News & Insights: Litigation

What is ADR?

19 February 2020

In virtually all litigation cases, Alternative Dispute Resolution, otherwise referred to as “ADR” is actively being promoted in the Northern Ireland Courts.  The Commercial Court, in particular under the new Commercial Hub Directive actively encourages the process of resolving disputes collectively, often with third party involvement.

Pre-empting this approach, ADR is also increasingly being drafted into various commercial contracts  at initial stages of transactions, we have seen this recently in particular in Construction Contracts where Arbitration or Adjudication clauses are being vigorously enforced.  This is to ensure that parties have employed and explored all options before reaching the door of the Court.

As with any contract, O’Reilly Stewart recommends that parties entering into same should obtain legal advice to ensure the correct drafting any ADR clause in these to ensure their interests are best protected.

Generally, ADR follows one of the following formats, often dependant on the contract:


In Northern Ireland this is generally the most commonly used form of ADR, across all areas of practice. Mediation will involve the assistance of an independent third party, who acts as a Mediator. Their role is to act as a “facilitator” to hopefully reach an agreement between the parties. The Mediation, will not assess points of law or make decisions on the dispute.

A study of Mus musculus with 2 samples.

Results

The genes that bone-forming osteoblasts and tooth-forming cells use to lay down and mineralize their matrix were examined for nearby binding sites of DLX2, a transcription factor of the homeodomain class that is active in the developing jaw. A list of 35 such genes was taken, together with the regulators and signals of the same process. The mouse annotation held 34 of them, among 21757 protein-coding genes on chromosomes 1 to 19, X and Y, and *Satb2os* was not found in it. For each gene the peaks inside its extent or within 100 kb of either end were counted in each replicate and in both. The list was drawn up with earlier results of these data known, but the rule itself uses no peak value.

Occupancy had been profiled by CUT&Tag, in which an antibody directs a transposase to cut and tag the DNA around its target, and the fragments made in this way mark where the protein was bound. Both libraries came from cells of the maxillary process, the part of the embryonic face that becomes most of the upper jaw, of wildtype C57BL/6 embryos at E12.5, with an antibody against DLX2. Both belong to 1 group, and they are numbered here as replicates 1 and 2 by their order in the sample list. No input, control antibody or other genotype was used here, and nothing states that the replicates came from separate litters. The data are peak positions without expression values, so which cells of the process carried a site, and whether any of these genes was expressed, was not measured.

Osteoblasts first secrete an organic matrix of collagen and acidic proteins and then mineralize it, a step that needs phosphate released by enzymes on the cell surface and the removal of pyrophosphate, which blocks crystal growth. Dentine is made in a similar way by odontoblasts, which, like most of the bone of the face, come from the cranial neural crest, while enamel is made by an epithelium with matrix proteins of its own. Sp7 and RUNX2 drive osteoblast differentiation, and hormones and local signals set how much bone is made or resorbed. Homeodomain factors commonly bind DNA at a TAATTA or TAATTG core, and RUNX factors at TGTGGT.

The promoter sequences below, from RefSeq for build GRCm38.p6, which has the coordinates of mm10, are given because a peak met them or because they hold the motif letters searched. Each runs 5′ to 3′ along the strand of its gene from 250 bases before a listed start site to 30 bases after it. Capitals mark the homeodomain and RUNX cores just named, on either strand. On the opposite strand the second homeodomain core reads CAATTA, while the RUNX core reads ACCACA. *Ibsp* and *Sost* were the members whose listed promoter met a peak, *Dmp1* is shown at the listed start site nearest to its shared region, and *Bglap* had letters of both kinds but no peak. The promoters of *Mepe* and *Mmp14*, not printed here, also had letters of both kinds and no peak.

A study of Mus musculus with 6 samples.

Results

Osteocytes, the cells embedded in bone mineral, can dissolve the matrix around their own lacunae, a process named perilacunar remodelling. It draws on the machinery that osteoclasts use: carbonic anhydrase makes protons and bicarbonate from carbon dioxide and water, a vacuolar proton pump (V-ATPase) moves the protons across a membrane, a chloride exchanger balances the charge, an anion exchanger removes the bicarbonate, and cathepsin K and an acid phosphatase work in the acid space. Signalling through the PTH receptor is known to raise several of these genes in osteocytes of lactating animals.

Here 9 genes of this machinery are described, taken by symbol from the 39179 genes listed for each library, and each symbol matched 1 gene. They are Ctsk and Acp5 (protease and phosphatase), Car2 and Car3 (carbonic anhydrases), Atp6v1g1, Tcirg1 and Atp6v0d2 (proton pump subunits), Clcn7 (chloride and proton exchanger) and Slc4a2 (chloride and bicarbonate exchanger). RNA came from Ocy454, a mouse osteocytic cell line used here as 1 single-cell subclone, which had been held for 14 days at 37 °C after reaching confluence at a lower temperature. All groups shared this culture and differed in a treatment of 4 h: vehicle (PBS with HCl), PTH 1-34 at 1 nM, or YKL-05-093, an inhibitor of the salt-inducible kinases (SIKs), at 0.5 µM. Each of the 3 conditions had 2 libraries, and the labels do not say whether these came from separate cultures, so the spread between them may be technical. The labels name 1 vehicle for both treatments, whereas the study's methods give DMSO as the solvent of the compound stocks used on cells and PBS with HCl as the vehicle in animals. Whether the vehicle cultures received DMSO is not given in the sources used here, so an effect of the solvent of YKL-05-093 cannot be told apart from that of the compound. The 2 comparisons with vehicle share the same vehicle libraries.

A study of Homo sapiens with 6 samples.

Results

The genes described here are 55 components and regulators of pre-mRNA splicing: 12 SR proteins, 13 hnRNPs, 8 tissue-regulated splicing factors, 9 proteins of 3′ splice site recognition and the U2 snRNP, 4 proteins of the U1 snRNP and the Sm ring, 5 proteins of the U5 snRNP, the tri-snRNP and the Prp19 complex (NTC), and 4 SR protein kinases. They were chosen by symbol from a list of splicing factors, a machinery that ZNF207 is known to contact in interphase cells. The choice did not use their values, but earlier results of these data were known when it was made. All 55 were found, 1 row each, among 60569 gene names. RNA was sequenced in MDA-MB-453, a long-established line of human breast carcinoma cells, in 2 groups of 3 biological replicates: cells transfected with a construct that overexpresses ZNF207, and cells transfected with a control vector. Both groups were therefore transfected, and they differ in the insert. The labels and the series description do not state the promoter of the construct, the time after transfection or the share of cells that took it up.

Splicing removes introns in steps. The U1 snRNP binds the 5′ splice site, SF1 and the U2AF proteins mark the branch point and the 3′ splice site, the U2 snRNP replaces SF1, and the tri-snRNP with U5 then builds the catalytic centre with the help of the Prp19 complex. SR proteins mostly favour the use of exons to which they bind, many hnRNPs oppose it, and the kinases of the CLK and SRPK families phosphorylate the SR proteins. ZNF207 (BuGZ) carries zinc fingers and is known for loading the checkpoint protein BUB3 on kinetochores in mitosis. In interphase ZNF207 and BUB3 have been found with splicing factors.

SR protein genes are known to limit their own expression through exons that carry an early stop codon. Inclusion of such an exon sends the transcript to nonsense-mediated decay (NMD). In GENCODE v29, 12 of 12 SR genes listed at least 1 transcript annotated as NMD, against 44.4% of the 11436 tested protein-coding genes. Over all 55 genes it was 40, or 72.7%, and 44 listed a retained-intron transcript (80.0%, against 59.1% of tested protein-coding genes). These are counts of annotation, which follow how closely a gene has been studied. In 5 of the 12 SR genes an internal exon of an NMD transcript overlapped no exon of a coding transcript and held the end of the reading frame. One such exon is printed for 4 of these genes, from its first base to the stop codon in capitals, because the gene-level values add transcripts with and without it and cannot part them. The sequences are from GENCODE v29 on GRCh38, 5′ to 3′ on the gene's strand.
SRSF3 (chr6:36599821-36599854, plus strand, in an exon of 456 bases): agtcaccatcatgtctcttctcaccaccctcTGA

Meditations are often useful for parties that have ongoing commercial relationships, that they wish to maintain without the need for often lengthy litigation.  But most importantly for all parties they “buy certainty” of settlement, as any resolution that can be reached between the parties to a dispute would be “guaranteed”  and not up to a third party Judge to decide on the case.

All discussion during the mediation are without prejudice and as such it allows parties to air their grievances without fear of a perception of weakness of their case.


Particularly prominent in the Construction Sector, namely within JCT and NEC contracts. This process of ADR involves the appointment of an Adjudicator, often through a professional body, whom would be deemed to have a specialised knowledge of the dispute. They are appointed directly, and  most importantly their decision is binding pending any final litigation or arbitration decisions.


These ADR options are a mixture of arbitration and mediation, which blend the advantages of these two processes. The parties will commence with mediation, and if an agreement has not been reached, they move on to arbitration, or vice versa.  A third party will act as the Mediator/ Arbitrator.

Early neutral evaluation

Once more, under the new Commercial Hub Directive this process of ADR is enthusiastically being encouraged.  An “Evaluator,” is appointed, whom has expertise in the field of the dispute. The parties to the dispute will then submit their position to the Evaluator. The Evaluator having reviewed all information presented will provide an opinion on the matter. This is exactly that, an opinion, and as such is not binding.

Expert determination

In cases, particularly of a highly technical nature, an individual, whom has expertise in the specific field  is appointed. They must be able to understand the nature of the dispute and all technical elements of same. Once they have made their decision, it is binding.

The use of ADR is now common practice across the jurisdiction to resolve disputes, it is a cost effective, often quicker process to obtaining a resolution for clients. If you are entering into a contract and want to ensure you are protected in the event that a disagreement arises, or indeed, a challenge has already arisen you should contact the team at O’Reilly Stewart who can guide you on the appropriate method of ADR to obtain the best result for your firm.